Poulterer: merchant who dealt in poultry and poultry products.
Poultryman: synonym for Poulterer.
Powder Monkey: part of a warship's crew. Powder Monkeys were employed to carry gunpowder from the ship's powder magazine to the gun crews when needed. This occupation was usually performed by boys, and dates back to the late 17th / early 18th century.
Power Loom Tuner: maintained weaving looms in the textile industry.
Powler: alternative term for a Poller, usually referring to a barber.
Poynter: numerous online sources define this as a lacemaker. Needs confirmation, may be an alternate spelling of Pointer.
Practical Brewer: worked in a brewery, in charge of the brewing process for ales and beers.
Preceptor: a monk in charge of music inside a monastery.
Preceptress : a female teacher or female school principal.
Prentice: an abbreviation of the word Apprentice.
Press Emptier: Worked in the pottery industry, removed flattened clay from bags of canvas. Was based in the sliphouse.
Press Maker: either a misinterpretation of Dressmaker (quite common due to the quality of handwriting in historical documents), or a person who manufactured printing presses.
Press Man: worked in the publishing industry, operated a printing press.
Presser: worked in the textile industry, operating sewing / knitting machines.
Prick Louise: charming term for a tailor.
Pricker: a Pattern Maker, or (far less common) a witch hunter, based upon the 16th / 17th century idea of pricking witches to prove their guilt based upon the notion that the witch would have a numb spot on their body which would not bleed or cause pain if stabbed with a pin or needle.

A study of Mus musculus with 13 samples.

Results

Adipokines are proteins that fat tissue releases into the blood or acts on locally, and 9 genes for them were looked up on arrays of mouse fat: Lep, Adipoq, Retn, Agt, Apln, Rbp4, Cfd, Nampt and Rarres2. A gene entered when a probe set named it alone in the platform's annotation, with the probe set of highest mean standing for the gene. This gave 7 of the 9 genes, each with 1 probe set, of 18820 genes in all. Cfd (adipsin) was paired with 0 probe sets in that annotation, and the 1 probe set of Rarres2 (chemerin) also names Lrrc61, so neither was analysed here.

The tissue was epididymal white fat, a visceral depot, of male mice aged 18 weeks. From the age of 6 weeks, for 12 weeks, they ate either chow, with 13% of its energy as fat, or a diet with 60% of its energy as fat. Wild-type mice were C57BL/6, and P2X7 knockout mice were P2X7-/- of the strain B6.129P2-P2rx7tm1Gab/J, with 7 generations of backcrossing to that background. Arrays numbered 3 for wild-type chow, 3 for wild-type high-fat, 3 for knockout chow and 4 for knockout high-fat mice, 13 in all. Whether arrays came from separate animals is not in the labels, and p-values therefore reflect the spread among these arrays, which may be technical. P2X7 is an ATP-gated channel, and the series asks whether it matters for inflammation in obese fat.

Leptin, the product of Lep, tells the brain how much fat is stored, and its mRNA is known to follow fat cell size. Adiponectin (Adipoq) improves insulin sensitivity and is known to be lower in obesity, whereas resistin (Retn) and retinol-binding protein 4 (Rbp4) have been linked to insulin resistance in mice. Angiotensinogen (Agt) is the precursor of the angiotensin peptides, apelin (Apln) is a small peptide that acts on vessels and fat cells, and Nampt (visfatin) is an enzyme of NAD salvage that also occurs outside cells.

Prig Napper: in the mid 17th to mid 18th centuries this term was used to describe a horse thief. From the late 17th to early 19th centuries it also referred to a thief taker.
Copyright: Jane Hewitt. This dictionary is authorised for use on www.familyresearcher.co.uk only.
Prigger: a thief.
Primate: regional Head of the Church.
Print Cutter: a textile worker who cut printed silk, or a worker in a printing house who cut printed paper to the required size.
Printer: operated a press to produce printed materials, e.g. newspapers, typeset manuscripts, even early books.
Printer Compositor: a typesetting in a printing house.
Printer's Boy: a young lad who assisted a printer.
Printer's Devil: an apprentice who fetched types and mixed inks in a printing house. The occupation title may trace its roots back to a man called 'Deville' who was an assistant to early book publisher William Caxton.
Printfield Worker: worked in a mill, producing cloth printed with inks and dyes.
This dictionary is my own work, and copyright Jane Hewitt. I sometimes find unauthorised (i.e. stolen) copies of my website content appearing on other people's websites. If you should read a group of identical glossary definitions elsewhere on the web, consider whether such sites are reputable or not.
In 1450, all Europe's books were handcopied and amounted to only a few thousand. By 1500 they were printed, and numbered in their millions. The invention of one man - Johann Gutenberg - had caused a revolution. Printing by movable type was a discovery waiting to happen.
Born in 1400 in Mainz, Germany, Gutenberg struggled against a background of plague and religious upheaval to bring his remarkable invention to light. His story is full of paradox: his ambition was to reunite all Christendom, but his invention shattered it; he aimed to make a fortune, but was cruelly denied the fruits of his life's work. Yet history remembers him as a visionary; his discovery marks the beginning of the modern world.